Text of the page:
By Annie Newcomer:
The Flapper Press Café features the work of poets from all over the world. This week, we are happy to welcome Anna Banasiak to talk about her poetry and passions.
Anna Banasiak is a poet, writer, and occupational therapist who loves helping people through art therapy. She is the winner of many poetry competitions in London, Berlin, Bratislava, and Kamena. She publishes books of poetry in India and Japan and belongs to the Japan Poets Association in Kyoto. Her poems have also been published in New York, London, Surrey, Australia, Canada, Africa, China, Cuba, and Israel.
Please meet Anna Banasiak!
AN: Anna, welcome to the Flapper Press Poetry Café. What in your childhood might you be willing to share that set you on a road that included writing poetry?
AB: I was a very sensitive child. My father used to read me stories, poems, and fairy tales, and I remember reciting fairy tales by heart. I also loved to draw and write on a piece of paper, it was was my secret, magical key of imagination, the way to forget sorrows and create new fantastic worlds.
AN: You wrote to Flapper Press, "I taste life with the language of metaphysics.” Help us understand more fully what this means. And in being embedded in the abstract, such as “being,” “knowing,” and “cause,” do you ever worry that this focus on what cannot be concretely touched will limit your writing in any way? Please explain.
AB: Studies in philosophy taught me how to "taste life with the language of metaphysics."
AN: Please share the ways that helping people with art therapy through your profession as an occupational therapist provide inspiration for your writing. And does it ever work the other way around? Does your poetry provide inspiration for you professionally?
AB: I love my work. This is a sense that gives me joy every day; I'm learning humility and discipline.
AN: You shared that "The tree is a metaphysical universe for me, the essence of poetry and the quintessence of suffering." I immediately thought of the Banyan Tree in Lahaina. This tree was only 8 feet tall when it was planted in 1873. At the time of the recent fire, it was 60 feet tall, and through all the devastation caused by the fire, people draw hope in the news that this tree might survive. Why do you believe this is true? And why are symbols important to humanity? Will you or have you already written a poem on this tree?
AB: Symbols are important to humanity because they're universal and they help to understand things.
I feel like a tree, because there is a tree of life in each of us, immortal, the tree is a metaphysical universe for me, the essence of poetry and the quintessence of suffering.
I think I'll write a poem on this tree!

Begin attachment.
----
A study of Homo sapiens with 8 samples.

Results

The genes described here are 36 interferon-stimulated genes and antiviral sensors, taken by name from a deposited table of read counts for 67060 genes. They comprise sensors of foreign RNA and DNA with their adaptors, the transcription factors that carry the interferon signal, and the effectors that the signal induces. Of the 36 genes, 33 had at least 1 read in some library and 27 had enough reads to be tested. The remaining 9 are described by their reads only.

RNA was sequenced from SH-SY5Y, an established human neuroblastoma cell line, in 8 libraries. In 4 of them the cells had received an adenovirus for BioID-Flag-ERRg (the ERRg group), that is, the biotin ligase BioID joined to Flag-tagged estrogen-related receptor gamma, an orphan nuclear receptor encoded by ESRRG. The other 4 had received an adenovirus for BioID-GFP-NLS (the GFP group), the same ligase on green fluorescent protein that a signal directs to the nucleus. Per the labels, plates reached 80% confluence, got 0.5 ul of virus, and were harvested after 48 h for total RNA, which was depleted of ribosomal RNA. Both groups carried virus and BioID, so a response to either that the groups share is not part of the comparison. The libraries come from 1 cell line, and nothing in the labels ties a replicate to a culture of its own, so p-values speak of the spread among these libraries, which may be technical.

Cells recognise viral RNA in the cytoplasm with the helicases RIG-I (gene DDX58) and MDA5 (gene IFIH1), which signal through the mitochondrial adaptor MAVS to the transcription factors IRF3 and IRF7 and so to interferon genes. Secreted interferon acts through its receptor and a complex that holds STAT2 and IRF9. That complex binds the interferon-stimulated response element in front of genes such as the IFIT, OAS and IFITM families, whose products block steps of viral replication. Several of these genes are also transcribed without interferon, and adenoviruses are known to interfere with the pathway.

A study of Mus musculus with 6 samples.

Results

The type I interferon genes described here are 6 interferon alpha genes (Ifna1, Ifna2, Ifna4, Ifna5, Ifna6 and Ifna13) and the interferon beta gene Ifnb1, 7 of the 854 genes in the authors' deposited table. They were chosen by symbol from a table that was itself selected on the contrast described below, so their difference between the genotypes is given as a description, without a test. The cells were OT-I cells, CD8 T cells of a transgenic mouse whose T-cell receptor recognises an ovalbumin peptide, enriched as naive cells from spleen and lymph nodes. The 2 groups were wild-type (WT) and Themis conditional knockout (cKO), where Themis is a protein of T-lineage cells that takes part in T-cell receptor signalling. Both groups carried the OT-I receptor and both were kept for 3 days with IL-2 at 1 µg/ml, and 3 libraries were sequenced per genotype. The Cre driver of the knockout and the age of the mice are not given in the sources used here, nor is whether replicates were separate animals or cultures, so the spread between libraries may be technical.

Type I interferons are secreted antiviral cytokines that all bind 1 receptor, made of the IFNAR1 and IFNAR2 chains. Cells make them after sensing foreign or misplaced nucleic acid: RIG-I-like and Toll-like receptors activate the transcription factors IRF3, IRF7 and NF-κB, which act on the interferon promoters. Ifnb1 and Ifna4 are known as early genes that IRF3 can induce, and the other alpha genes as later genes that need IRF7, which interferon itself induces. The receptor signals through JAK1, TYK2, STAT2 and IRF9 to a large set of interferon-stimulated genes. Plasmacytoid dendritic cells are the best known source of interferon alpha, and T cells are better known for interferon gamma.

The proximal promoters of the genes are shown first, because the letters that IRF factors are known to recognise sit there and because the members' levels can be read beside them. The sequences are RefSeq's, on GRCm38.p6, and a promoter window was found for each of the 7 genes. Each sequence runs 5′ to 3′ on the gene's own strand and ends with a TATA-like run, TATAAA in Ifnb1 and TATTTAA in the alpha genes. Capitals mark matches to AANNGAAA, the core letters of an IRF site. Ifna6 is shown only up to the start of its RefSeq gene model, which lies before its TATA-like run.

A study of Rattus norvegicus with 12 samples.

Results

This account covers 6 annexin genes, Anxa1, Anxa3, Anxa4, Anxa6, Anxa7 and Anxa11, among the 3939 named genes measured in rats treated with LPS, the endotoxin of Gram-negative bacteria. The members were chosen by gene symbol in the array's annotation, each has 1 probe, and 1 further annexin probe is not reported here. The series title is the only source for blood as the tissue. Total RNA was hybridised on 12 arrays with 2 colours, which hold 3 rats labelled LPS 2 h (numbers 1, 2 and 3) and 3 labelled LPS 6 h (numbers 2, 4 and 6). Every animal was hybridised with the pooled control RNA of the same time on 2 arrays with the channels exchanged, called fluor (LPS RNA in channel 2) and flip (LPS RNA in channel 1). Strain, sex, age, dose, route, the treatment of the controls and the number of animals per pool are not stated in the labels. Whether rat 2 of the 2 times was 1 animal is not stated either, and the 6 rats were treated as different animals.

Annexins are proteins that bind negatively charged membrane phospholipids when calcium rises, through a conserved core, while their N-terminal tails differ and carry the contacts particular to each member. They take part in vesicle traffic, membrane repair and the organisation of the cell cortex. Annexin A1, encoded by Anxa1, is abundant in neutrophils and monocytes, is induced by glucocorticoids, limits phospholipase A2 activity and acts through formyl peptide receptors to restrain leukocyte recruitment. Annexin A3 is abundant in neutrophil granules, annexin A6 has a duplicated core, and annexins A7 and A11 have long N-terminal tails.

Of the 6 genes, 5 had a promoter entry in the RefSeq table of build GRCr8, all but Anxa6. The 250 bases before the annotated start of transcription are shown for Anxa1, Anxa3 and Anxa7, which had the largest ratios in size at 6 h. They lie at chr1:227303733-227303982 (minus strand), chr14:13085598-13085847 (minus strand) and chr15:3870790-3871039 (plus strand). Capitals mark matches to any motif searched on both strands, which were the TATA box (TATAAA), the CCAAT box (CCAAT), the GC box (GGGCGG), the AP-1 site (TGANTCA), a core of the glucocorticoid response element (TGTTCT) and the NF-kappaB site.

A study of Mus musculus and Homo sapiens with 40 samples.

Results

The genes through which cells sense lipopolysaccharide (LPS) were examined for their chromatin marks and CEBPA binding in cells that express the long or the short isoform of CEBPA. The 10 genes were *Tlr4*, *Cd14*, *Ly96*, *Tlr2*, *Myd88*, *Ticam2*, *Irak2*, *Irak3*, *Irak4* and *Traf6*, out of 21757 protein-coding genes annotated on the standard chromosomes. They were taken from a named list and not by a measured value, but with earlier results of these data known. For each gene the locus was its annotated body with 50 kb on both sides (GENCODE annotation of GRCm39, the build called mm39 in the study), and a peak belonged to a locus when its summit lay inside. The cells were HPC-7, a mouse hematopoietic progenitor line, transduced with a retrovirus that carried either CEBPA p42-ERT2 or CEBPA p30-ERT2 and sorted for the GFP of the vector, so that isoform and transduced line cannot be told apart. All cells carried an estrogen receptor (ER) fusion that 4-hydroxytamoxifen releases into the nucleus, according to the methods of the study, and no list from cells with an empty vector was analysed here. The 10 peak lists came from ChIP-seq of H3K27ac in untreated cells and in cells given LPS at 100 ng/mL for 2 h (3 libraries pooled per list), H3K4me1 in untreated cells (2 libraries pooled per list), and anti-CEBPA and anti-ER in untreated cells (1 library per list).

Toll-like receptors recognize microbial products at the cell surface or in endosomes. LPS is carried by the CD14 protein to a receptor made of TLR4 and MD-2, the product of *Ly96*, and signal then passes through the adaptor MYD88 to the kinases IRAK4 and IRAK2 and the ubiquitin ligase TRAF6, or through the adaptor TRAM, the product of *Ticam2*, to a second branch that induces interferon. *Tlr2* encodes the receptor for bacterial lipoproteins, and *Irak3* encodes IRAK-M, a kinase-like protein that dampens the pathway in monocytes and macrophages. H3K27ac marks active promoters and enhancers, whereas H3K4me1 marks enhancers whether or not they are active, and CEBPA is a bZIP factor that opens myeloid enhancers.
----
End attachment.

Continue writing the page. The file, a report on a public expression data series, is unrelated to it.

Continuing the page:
AN: How might you describe your writer’s “voice”? Does it ever change, or does it remain relatively the same?
AB: My "voice" changes as time passes. Over the next years, I [am] gaining new experience.
AN: If you could chose any publication to have your poetry showcased in that has not already published your work, which would it be? And why?
AB: I think it would be Depression and Art Therapy because they show how poetic metaphysics can "heal our souls" and have therapeutic action.
I'm a poet and occupational therapist. I love helping people through art therapy. I taste life with the language of metaphysics.
AN: Please, ask yourself a question that intrigues you that only you would know to ask about your poetry and then answer.
AB: Does my poetry reach directly into the hearts of people? I hope so.
AN: Thank you for visiting us in our Flapper Press Poetry Café. Please share 3 poems with their backstories for our readers. Thank you!
I wrote this poem as a reflection on the sense of existence. Writing can be magical and leads to transformation of our minds. Coming back to childhood can be therapeutic and a dreamy place where we can hide our fears and start an amazing journey through time and imagination.
Loneliness is an artistic soul.
Love is a spiritual source from which we draw the meaning of existence and life energy.
It keeps us balanced and drives to action.
Annie Klier Newcomer founded a not-for-profit, Kansas City Spirit, that served children in metropolitan Kansas for a decade. Annie volunteers in chess and poetry after-school programs in Kansas City, Missouri. She and her husband, David, and the staff of the Overland Park Arboretum & Botanical Gardens are working to develop The Emily Dickinson Garden in hopes of bringing art and poetry educational programs to their community. Annie helms the Flapper Press Poetry Café—dedicated to celebrating poets from around the world and to encouraging everyone to both read and write poetry!